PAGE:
An ETF Strategy to Survive the Trump Era of Uncertainty

The wide moat ETF’s underlying index’s methodology has helped the fund outperform the broader market. MOAT increased 9.3% year-to-date while the S&P 500 rose 6.9%. Over a longer three-year period, MOAT has shown an average annualized 11.5% return, compared to the S&P 500’s 11.2% gain.

According to Morningstar’s indexing methodology, there are five sources of economic moats: Intangible assets that include brand recognition to charge premium prices. Switching costs that make it too expensive to stop using a company’s products. Network effect that occurs when the value of a company’s service increases as more use the service. A cost advantage helps companies undercut competitors on pricing while earning similar margins. Lastly, efficient scale associated with a competitive advantage in a niche market.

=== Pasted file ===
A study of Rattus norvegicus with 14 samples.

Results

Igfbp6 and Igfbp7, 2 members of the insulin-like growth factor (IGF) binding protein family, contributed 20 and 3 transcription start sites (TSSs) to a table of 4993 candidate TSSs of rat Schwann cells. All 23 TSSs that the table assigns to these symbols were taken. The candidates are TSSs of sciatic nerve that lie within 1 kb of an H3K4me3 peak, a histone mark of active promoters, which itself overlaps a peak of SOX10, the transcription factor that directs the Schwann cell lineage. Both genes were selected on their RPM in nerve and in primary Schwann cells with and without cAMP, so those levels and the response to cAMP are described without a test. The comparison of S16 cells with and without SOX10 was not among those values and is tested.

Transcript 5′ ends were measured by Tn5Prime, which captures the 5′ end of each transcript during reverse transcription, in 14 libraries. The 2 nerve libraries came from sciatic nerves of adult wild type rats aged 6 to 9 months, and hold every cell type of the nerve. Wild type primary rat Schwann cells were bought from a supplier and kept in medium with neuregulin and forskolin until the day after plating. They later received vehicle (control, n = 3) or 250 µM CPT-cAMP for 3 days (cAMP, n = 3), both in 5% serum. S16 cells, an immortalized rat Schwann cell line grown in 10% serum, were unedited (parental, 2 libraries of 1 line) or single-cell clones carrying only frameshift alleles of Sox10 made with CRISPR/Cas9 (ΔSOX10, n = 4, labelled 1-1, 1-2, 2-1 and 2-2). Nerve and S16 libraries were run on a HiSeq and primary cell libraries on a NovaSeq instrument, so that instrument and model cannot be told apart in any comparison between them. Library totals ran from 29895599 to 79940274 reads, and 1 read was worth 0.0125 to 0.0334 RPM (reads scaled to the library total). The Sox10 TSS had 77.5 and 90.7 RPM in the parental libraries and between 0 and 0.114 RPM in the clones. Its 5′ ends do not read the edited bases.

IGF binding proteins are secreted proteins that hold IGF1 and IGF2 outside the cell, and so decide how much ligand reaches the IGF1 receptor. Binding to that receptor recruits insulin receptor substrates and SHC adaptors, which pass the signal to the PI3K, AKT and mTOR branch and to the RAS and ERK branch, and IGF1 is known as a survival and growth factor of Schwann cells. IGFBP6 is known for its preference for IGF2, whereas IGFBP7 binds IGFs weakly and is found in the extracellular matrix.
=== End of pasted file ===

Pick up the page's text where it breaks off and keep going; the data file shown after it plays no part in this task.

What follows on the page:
By focusing on companies with wide economic moats, MOAT incorporates firms that stay profitable for a long time through competitive advantages that protect profits.

Like its U.S.-focused counterpart, the international-focused MOTI uses Morningstar’s proprietary methodology to identify global companies with long-term, advantages, which allows companies to earn sustainable excess economic profits, as measured by the return on invested capital relative to the company’s cost of capital.

Financial advisors who are interested in learning more about the current markets and an ETF strategy that implements Morningstar’s indexing methodology can register for the Tuesday, March 7 webcast here.